Whether you’re a parent or not, it’s highly likely that you’ve heard of SIDS. This notorious combination of letters has long been feared around the world, not only by parents of newborn children, but just as equally by the medical community.
SIDS And How It Continues To Elude The Experts
Sudden infant death syndrome has long been claiming victims around the world. Sadly, it might just continue to do so as up until now, medical experts still don’t have a clue as to just what particularly triggers it. Of course, since this is the case, then doctors are also unable to issue concrete advice as to when it can happen to your child. We parents can continue to live in anxiety, or we can do all we can to educate ourselves about this child killer.
The Risk Factors
SIDS can happen anytime and anywhere. While experts have yet to pinpoint its exact cause, we parents at least are warned about the factors that can increase the potentials of the syndrome from happening to our child.
A handful of particular situations can make a still unborn child more prone to SIDS. These are:
• SIDS is more likely to happen to a child of a young teenage mother.
• Lack or complete absence of prenatal care is one other identified risk factor. It seems that the lack of proper attention to the pregnant mother, and by extension to the fetus as well, is the culprit. When there is no prenatal care, or if it had been sought quite late into the pregnancy, the fetus then doesn’t get the adequate nourishment it needs. This is why most pregnant mothers who failed to receive prenatal care either bear their children earlier than the term, or bear a child who is lighter than the normal weight range. Both these situations make the child generally less healthy, thus making them more susceptible to dying in their sleep.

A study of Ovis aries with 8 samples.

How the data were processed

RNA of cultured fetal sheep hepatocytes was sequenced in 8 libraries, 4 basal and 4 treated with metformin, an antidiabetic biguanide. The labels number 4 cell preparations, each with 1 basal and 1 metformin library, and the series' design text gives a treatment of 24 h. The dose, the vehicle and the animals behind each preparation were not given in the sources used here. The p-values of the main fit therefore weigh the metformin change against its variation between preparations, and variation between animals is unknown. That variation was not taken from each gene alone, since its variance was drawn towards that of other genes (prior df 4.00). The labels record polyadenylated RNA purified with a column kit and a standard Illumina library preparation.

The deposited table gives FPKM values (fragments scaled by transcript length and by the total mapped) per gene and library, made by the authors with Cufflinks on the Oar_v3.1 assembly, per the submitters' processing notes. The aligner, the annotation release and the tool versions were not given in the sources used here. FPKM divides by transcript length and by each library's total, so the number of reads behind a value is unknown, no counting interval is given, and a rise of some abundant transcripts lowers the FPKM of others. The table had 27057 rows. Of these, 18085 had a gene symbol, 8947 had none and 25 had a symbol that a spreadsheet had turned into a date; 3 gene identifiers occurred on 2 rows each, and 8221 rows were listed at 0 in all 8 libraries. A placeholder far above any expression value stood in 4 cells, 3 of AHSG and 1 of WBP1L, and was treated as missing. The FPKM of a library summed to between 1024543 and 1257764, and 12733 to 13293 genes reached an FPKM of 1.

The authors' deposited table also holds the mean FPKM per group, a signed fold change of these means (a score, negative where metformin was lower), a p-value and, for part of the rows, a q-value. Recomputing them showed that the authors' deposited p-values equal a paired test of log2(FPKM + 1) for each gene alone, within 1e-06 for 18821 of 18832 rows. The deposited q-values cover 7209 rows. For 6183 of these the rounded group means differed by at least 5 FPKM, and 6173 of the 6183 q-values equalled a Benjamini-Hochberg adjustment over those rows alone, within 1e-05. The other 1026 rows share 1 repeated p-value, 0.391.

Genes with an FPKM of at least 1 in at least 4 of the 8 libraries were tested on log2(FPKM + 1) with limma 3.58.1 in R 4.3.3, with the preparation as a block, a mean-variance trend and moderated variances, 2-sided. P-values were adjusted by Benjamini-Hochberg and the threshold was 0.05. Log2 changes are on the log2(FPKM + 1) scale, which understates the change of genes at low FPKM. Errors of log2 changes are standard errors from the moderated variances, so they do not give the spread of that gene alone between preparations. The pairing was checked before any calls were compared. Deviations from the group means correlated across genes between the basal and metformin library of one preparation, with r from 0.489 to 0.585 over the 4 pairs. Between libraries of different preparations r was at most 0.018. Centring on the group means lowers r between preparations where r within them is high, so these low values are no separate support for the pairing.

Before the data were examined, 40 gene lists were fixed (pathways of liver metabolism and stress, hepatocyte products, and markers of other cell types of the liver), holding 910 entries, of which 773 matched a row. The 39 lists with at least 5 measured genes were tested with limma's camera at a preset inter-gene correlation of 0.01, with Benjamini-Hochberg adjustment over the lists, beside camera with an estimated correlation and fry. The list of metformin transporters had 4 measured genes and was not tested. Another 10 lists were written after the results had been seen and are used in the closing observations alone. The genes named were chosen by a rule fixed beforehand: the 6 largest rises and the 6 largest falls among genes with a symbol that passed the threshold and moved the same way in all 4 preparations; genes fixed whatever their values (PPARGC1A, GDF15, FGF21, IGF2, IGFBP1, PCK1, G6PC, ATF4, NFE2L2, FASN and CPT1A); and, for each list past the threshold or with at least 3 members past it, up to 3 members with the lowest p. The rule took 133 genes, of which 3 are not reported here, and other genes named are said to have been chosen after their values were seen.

• An unborn child’s exposure to nicotine can be a contributing factor as well. Fetuses that have been exposed to this harmful substance are again generally less healthy, and they will most likely end up getting born early in the term or underweight.
Once baby is born, he or she is still susceptible to SIDS especially during the first 4 months. Furthermore, the child likely succumbing to SIDS can be blamed to a number of these factors:
1. Not breastfeeding the newborn can make SIDS a higher possibility. For one, the baby won’t be able to receive the antibodies that are naturally present in the mother’s milk. These antibodies are crucial as these strengthen the newborn’s resistance to a number of illnesses. Secondly, not breastfeeding also exposes the child to pathogens that commonly live in moist items such as feeding bottles.
2. Using baby items, especially ones that come in contact to baby’s mouth, without first cleaning and sterilizing the former thoroughly, is another culprit too. In fact, studies have found that babies who died of SIDS have abnormal concentrations of the microbes E. coli and staph in their bodies.
3. Exposure to nicotine can be risky to a child under one-year of age as well. Babies who were claimed by SIDS have been found to contain cotinine in their bodies. Doctors call cotinine a bio-markerand presence of this indicates inhalation of secondhand smoke.
4. Exposure to harmful nitrogen oxides, common by-products of HVAC systems, is a risk factor too.
5. Molds can likely increase the potential of SIDS from happening as well. Molds have been found to induce lung bleeding on otherwise healthy adults. So naturally, its effect is even more dangerous to a newborn’s still delicate and underdeveloped lungs.
6. Sleeping positions have been pinpointed as a risk factor too. Babies that are put to sleep on their tummies face a higher likelihood of succumbing to SIDS since such a position increases the chance of airway blockage.
7. Use of too much or too heavy articles of clothing and beddings can cause smothering as well.
We can only do so much to protect our children from this sinister killer. So instead of facing anxiety daily until our kids turn one-year old, we could instead educate ourselves so that we know what we’re up against.